Is Your Opportunity Pipeline Big Enough?

Apr 6 2010 in Job Search Strategy, reCareered Blog by Phil Rosenberg

I recommend to my candidates that they build an opportunity pipeline 3 times as large as their expectations … or compared to their last job search. Why do candidates need such a large pipeline?

While we’ve seen a glimmer of hope in recent US Department Of Labor numbers, we’re still in the middle of a lousy job market … the most competitive in our lifetimes. What are you going to do about it?

Yet, most candidates I talk to are satisfied with about the same opportunity pipeline level that they built during their last job search – in the midst of a good job market. Even recent bad job markets (2001-2002) are good compared to today’s hiring numbers.

Why does a candidate need a pipeline 3 times the pipeline initially expected?

  1. If your opportunity pipeline isn’t big enough, you aren’t getting enough “at bats”: As a candidate you’re a salesman … of your services. A good, experienced sales person is able to meet their goals, regardless of the market by increasing their pipeline when business gets tough. You can increase your pipeline by 1) adjusting the effort or 2) innovate to improve response rates.

    The sales person – or in this case, the candidate – can adjust by increasing the number of prospecting events (calls, resume sends, job applications, networking lunches, informational interviews).

    Alternatively, a candidate can innovate (change tactics) to improve response rates. In today’s lousy job market, your response rate is about 1/3 of what you would expect in a normal job market. I recommend using both tactics to achieve the pipeline you’ll need in today’s market.

  2. The “perfect storm” requires additional effort: Today’s poor hiring economy has met the perfect storm – ease of applications, employer technology and increased employer expectations.

    • It’s never been easier to apply for a job – So you have a huge number of competitors per job
    • Employer technology – Employers pre-screen with Applicant Tracking Systems (databases), so that HR reps or recruiters only look at resumes that may meet hiring manager criteria. These aren’t intended to capture all applicants who are qualified – they are intended to short list a limited number that meet the minimum requirements, even if well qualified applicants are left unseen in the database.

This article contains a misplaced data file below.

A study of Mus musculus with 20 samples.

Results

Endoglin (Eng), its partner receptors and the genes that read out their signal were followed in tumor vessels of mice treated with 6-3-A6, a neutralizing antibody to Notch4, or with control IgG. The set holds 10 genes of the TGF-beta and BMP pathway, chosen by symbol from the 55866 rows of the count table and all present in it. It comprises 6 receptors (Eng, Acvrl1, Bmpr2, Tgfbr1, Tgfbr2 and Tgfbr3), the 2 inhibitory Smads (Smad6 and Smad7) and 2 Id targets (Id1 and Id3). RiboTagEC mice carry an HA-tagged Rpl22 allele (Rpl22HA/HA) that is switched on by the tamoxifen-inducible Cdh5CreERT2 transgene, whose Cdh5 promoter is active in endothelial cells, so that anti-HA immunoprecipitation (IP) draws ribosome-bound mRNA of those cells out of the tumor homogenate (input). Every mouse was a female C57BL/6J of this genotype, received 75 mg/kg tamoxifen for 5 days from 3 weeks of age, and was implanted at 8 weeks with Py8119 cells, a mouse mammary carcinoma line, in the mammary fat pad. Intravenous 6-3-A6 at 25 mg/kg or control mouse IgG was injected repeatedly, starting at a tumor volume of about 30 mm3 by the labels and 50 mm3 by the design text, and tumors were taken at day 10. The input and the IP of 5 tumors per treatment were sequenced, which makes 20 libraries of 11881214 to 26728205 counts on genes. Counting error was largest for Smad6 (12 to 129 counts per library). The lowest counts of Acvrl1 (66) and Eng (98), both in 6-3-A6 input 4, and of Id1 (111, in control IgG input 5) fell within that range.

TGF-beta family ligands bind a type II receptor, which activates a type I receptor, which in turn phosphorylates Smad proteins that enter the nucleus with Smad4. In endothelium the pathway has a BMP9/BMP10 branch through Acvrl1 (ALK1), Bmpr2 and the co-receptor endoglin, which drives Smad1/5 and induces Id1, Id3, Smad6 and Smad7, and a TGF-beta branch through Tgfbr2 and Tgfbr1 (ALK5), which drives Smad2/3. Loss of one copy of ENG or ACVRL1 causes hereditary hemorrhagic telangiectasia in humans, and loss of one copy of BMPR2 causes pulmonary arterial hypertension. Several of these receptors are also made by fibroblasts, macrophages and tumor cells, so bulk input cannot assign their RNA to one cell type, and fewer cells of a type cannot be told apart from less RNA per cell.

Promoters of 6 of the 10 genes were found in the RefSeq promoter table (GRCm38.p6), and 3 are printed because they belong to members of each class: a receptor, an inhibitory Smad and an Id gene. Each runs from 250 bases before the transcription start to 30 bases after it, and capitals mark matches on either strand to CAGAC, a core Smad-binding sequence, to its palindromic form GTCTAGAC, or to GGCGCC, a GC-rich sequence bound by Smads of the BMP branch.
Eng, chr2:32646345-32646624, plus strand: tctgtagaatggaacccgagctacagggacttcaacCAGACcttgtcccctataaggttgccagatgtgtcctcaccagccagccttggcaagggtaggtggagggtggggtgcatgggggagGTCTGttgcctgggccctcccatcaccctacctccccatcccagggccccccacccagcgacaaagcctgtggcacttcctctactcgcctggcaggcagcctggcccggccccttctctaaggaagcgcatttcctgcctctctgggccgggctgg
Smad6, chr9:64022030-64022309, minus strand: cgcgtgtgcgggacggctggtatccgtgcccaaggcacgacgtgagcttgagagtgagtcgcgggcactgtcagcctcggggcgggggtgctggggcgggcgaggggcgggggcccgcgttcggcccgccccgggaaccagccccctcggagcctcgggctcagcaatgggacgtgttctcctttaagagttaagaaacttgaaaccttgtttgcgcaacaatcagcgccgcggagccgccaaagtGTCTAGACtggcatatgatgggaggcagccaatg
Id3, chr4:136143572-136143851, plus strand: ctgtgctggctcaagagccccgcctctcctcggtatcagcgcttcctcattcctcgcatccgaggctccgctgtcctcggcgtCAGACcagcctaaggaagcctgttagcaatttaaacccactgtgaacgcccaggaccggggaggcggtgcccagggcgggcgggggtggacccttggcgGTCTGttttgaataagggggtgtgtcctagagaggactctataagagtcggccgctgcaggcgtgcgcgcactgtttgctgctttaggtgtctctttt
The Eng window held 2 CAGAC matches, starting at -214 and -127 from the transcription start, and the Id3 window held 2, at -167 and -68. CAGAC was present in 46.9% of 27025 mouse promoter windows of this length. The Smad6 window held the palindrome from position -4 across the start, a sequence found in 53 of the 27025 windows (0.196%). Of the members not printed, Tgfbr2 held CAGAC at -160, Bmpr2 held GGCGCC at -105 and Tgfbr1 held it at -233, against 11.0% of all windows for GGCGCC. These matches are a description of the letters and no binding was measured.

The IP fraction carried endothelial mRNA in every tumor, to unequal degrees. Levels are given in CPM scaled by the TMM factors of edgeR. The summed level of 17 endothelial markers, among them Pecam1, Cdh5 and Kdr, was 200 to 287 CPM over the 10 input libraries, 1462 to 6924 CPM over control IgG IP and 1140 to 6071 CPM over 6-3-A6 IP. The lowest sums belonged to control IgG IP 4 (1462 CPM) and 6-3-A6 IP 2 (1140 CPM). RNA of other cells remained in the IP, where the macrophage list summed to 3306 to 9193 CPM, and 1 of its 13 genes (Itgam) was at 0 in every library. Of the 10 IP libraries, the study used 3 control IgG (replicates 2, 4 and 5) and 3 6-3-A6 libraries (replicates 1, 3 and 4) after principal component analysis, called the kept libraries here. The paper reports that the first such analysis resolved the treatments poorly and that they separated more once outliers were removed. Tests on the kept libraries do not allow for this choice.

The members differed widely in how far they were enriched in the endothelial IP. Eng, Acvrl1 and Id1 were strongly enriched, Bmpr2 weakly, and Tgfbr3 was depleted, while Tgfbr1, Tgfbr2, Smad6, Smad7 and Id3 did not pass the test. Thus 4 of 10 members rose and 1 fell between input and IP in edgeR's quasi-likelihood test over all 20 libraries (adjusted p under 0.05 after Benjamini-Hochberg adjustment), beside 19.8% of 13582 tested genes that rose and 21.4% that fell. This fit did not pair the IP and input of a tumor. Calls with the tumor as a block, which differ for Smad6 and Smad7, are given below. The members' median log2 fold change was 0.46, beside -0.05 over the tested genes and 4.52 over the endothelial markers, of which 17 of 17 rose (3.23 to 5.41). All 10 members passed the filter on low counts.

• Employer expectations – Today employers expect exact fits. When employers had fewer candidates due to strong job markets and the limitations of newspaper advertisements, they were forced to look at close matches and train to fill gaps. Not so today, when employers see many more candidates than jobs and when employers are forced to squeeze multiple roles into a single job with a minimal training budget. If it seems that employers are looking for a 3 headed monster, it’s because they really are.

  3. Here’s where you can blame the economy: It’s harder to find a job today. That means you’ll have to work harder and work smarter than you’re used to.

Why 3 times? In a normal market, if you got an interview the odds averaged 1 in 3 that you’d get an offer. In today’s market, it’s about 1 in 10. In some industries (construction, for instance) it’s even worse. This doesn’t mean that it’s impossible to find a job – it means you have to change volume and tactics to beat the odds.

How do most candidates really respond to today’s market? Sadly, I’ve found that most candidates drastically underestimate today’s job market – this is unlike anything they have ever experienced and their adviser’s suggestions are based on past job markets … rather than the realities of today. I typically see candidates react in the following steps:

Contrast this list with what I see (and coach) successful candidates do:

  • Realistic timeframes
  • Understand how competitive the market is today
  • Written job search planning – using project planning methodology
  • Manage pipeline by innovating (increasing response rate) and slightly increasing volume
  • Understand company and hiring manager needs – through intensive research and listening, before even sending a resume
  • Put themselves in hiring manager’s shoes – understand WIFT (see
  • Using all tools available – using more than just job boards and company websites
  • Active networking – used to gain information, not to ask for jobs or to pass resumes
  • Social media to build Social Brand and thought leadership – Including Linkedin, Facebook, Twitter and blogs
  • Not depending on any single opportunity – because their opportunity pipeline is large enough that they know something will come through. They stack the odds in their favor

Job seekers – How many opportunities are in your pipeline today?


Want to do more than just complain about a bad economy?